A former science and technology editor for The Economist magazine, Matt Ridley is a journalist and best-selling author whose books include Genome: The Autobiography of a Species in 23 Chapters. His most recent book is The Rational Optimist: How Prosperity Evolves.
Matt Ridley discusses the evolutionary process of "ideas having sex," calling it the secret behind human progress. He asserts that "barter was the trick that changed the world" and outlines his argument that life for the average human being is richer, healthier, and kinder than ever. Finally, he discusses whether limited government and rational optimism go hand in hand.
Matt Ridley's books have sold over 800,000 copies, been translated into 27 languages and been short-listed for six literary prizes. In 2004 he won the National Academies Book Award from the US National Academies of Science, Engineering and Medicine for Nature via Nurture.
In 2006 he published Genome, a national bestseller. In 2007 he won the Davis Prize from the US History of Science Society for Francis Crick. His most recent book, The Rational Optimist: How Prosperity Evolves, was published in 2010.
He is married to the neuroscientist Professor Anya Hurlbert. They have two children and live at Blagdon near Newcastle upon Tyne.
Peter M. Robinson is a research fellow at the Hoover Institution, where he writes about business and politics, edits the Hoover Institution's quarterly journal, the Hoover Digest, and hosts Hoover's television program, "Uncommon Knowledge."
Robinson is also the author of three books: How Ronald Reagan Changed My Life; It's My Party: A Republican's Messy Love Affair with the GOP; and the best-selling business book Snapshots from Hell: The Making of an MBA.
Matt Ridley, author of The Rational Optimist: How Prosperity Evolves, explains how commerce can actually help make people better. He cites numerous studies that conclude the more commercial interactions people are involved in the more they realize the importance of fairness.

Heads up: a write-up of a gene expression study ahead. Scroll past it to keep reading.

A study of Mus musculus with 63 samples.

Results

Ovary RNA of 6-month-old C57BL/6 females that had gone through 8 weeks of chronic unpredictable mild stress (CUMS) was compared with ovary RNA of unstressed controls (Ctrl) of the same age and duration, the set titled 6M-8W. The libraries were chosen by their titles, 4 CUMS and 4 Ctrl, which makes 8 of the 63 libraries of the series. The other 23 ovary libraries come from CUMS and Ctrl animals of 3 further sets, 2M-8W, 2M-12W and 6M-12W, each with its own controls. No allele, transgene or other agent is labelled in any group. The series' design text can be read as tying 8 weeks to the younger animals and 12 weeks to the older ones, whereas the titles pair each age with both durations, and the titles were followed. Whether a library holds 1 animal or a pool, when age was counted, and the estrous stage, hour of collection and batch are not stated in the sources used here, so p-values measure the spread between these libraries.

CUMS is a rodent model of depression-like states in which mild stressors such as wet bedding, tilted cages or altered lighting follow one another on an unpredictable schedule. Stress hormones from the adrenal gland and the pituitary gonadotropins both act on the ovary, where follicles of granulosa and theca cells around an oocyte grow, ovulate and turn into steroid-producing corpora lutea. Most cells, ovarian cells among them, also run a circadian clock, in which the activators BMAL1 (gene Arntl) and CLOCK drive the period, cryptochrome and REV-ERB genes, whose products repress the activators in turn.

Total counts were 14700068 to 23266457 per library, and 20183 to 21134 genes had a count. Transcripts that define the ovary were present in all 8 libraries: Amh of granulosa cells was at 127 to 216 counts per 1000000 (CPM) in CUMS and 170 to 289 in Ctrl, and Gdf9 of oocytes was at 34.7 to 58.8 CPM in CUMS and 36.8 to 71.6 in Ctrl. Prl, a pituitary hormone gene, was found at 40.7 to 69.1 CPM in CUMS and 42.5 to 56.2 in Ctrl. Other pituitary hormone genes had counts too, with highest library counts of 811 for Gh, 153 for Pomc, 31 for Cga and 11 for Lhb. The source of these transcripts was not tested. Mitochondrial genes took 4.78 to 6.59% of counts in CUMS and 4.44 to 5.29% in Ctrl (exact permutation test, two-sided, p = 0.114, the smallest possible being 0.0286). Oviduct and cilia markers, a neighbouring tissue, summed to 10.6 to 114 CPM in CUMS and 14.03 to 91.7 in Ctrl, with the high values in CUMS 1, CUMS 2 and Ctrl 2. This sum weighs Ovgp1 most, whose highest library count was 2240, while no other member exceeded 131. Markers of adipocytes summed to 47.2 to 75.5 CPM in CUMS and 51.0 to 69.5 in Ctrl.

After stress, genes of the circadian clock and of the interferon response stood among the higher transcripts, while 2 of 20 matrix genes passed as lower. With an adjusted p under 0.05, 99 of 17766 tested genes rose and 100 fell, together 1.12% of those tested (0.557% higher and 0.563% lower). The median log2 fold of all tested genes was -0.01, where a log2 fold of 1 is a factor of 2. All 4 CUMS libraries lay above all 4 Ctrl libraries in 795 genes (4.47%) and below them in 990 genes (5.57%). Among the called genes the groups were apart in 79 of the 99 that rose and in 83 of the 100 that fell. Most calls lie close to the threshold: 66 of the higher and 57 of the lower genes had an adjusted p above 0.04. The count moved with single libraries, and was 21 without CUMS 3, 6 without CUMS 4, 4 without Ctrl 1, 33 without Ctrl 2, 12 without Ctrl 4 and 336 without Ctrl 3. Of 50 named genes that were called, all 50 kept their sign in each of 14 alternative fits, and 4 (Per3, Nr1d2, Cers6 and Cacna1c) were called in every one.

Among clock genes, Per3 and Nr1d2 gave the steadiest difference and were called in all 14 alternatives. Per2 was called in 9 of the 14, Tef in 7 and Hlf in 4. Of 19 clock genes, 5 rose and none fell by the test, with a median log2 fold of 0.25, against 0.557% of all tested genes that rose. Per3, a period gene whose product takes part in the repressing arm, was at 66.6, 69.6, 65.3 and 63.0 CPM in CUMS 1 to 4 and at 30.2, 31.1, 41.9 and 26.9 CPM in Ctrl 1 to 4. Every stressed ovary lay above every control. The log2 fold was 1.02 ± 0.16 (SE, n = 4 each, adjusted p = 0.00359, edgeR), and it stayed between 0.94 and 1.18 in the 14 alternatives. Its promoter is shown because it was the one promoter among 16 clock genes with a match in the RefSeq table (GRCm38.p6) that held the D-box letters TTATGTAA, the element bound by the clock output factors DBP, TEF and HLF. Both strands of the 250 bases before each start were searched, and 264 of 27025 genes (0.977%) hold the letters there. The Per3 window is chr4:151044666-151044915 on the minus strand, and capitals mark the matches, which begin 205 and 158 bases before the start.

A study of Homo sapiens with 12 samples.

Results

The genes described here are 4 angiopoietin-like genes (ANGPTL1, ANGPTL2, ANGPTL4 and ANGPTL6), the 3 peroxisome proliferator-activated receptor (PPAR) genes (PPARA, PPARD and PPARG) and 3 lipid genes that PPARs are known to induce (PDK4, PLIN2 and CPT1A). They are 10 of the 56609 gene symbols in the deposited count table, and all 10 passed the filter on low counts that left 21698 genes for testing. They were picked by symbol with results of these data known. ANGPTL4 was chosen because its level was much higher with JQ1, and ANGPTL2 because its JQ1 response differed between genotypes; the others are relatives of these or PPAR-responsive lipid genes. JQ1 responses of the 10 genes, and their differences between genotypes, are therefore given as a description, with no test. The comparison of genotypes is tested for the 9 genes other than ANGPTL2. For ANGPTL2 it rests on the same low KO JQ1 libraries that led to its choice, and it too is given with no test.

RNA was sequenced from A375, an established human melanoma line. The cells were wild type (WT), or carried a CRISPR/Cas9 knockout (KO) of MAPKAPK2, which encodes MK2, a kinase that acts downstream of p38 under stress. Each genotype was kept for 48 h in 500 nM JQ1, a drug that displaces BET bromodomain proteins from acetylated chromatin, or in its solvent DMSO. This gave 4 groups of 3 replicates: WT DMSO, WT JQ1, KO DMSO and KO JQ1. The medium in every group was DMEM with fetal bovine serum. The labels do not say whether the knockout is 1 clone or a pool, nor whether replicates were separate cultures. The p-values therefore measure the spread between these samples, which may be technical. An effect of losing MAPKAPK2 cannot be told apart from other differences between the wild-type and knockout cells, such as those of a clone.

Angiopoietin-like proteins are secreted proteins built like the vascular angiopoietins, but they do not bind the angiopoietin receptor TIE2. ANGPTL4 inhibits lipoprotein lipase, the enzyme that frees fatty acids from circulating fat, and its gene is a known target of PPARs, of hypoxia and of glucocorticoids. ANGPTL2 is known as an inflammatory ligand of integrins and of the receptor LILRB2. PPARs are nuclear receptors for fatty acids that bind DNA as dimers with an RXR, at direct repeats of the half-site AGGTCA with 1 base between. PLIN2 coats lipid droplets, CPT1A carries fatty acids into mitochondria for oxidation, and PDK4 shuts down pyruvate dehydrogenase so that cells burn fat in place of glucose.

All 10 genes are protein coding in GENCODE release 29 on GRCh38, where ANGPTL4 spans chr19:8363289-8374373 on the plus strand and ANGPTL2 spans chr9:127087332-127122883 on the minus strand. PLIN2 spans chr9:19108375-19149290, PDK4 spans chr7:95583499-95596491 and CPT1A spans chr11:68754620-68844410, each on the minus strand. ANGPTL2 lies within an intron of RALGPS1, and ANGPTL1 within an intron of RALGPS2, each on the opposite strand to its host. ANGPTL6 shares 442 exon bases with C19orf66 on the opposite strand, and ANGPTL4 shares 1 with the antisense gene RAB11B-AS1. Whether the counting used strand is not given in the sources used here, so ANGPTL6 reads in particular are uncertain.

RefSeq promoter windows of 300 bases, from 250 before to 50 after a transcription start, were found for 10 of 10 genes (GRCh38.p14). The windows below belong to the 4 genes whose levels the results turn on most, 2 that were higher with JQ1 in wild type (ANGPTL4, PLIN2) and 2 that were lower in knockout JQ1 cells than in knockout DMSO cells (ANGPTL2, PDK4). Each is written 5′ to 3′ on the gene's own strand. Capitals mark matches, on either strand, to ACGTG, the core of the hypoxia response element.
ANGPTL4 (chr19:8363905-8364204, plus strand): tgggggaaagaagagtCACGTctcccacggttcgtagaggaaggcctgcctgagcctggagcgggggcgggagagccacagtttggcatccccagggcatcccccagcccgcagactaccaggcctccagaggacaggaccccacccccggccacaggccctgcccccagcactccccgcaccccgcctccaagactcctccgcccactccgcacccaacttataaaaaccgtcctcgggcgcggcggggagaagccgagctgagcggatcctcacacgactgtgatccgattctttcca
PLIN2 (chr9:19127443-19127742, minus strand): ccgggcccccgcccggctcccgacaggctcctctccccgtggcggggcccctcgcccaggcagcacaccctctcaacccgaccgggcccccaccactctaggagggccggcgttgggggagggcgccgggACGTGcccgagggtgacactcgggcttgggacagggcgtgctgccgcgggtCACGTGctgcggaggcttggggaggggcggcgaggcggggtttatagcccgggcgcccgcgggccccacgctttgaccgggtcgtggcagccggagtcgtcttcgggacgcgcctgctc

"You learn pretty quickly that it's not a good idea to insult your customers, or kill them," says Ridley.
Author Matt Ridley agrees that carbon dioxide emissions are changing the Earth's climate, though he opposes hasty regulations that may be doing greater ecological and economic harm. "We might find in 50 years' time that we have put a tourniquet around our neck to prevent a nosebleed," says Ridley.
Study of current trends in order to forecast future developments. The field originated in the technological forecasting developed near the end of World War II and in studies examining the consequences of nuclear conflict. Studies in the 1960s sought to anticipate future social patterns and needs. The Limits of Growth by Dennis Meadows, et al. (1972), focused on global socioeconomic trends, projecting a Malthusian vision in which the collapse of the world order would result if population growth, industrial expansion, pollution, food production, and natural-resource use continued at current rates. Later reports reiterated many of these concerns, with critics contending that futurologists' models were flawed and futurologists responding that their analytic techniques were becoming increasingly sophisticated. Other notable works include Alvin Toffler's Future Shock (1970), Daniel Bell's The Coming of Post-Industrial Society (1973), Jonathan Schell's The Fate of the Earth (1982), and Nigel Calder's The Green Machines (1986).
MIT News, May 19, 2009:
MIT Research published in the American Meteorological Society's JOURNAL OF CLIMATE, predicts at current rates of increase, a median probability global surface temperatures will rise +5.2 degrees Celsius (+9.3F) by the year 2100. (and a 95% probability global temperatures will rise +3.5C (+6.3F) by 2100.)
A +5.2C rise in global temps. is likely beyond the tipping point for a mass release of natural methane from arctic permafrost. If we do pass that tipping point causing an uncontrolled release of arctic methane, global temps could spike as much as +10C (+18F)
Sec. of Energy, Nobel physicist, Dr. Stephen Chu is concerned because we just don't know what that tipping point is.